I’m a fan of Peggy Blair’s Inspector Ramirez series, as well as a fan of art mysteries, so when I learned that the third instalment in the series involved an art world crime (the marketing campaign included an art exhibition inspired by passages from the book), well, colour me intrigued!
Hungry Ghosts was more about a series of murders of prostitutes than about the art world crime, but it still definitely did not disappoint. Having established her world building in the first two titles, Blair now seemed freed up to focus on the intricacies of her mysteries. The characters fit in more naturally with each other than before, and the dual mysteries investigated by Ramirez and Canadian First Nations detective Charlie Pike seemed more seamlessly integrated than before.
That being said, the strength of Blair’s mysteries has rarely been about the actual case so much as it was about the political commentary these cases brought forth, both about Cuba and Canada. I particularly love how Charlie Pike was invited on a case, literally as a token First Nations representative — his experience as a detective was less valuable to his colleagues in this case than his background. This to me highlights the tense relations that still exist between the Canadian government and First Nation tribes, and while Ramirez and his Cuban mysteries are presumably the focal point of this series, Blair’s interest in and passion for First Nations issues in Canada comes through loud and clear, particularly in this story. Part of me wonders if she’ll ever do a spinoff story just on Charlie Pike, a full novel to explore the intricacies of Canadian First Nations politics.
I also love how Ramirez’s gift for speaking to the dead has become almost second nature in this story — it is still mentioned as a plot device, but much like it must be for Ramirez, it becomes here simply another tool in his arsenal rather than a defining characteristic. I love how his concerns over it tie in to his family history — bits like this flesh him out even more as a character, and make him more real.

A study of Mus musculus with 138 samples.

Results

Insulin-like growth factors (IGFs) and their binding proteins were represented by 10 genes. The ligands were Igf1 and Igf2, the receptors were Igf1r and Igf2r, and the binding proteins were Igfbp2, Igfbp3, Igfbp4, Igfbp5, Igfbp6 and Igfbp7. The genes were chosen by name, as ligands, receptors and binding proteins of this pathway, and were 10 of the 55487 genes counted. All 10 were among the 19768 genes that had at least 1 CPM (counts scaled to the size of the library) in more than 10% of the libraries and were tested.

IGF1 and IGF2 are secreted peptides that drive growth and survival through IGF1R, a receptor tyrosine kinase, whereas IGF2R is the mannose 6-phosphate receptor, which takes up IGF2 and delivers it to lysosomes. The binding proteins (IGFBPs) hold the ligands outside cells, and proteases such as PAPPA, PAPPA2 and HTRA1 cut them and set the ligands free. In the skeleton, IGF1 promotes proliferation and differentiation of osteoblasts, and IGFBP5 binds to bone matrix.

Finally, I absolutely love the character of Hector Apiro. He is a wisecracking pathologist with dwarfism who, when asked what he’d want people to say at his funeral, quipped, “I’d like someone to lean over my casket and shout, ‘Oh my God, he’s alive!'” The mystery in this book is personal for Apiro, because of his relationship with a prostitute named Maria. Their love and affection for each other shines through, and they have some wonderful scenes of tenderness that belie the usual tough shell Apiro presents at his autopsies.
The mysteries themselves were resolved fairly neatly, and while part of me wished the art mystery was given a bit more prominence, I was mostly just glad to spend time once again with Blair’s characters.
Thank you to Simon and Schuster Canada for a copy of this book in exchange for an honest review.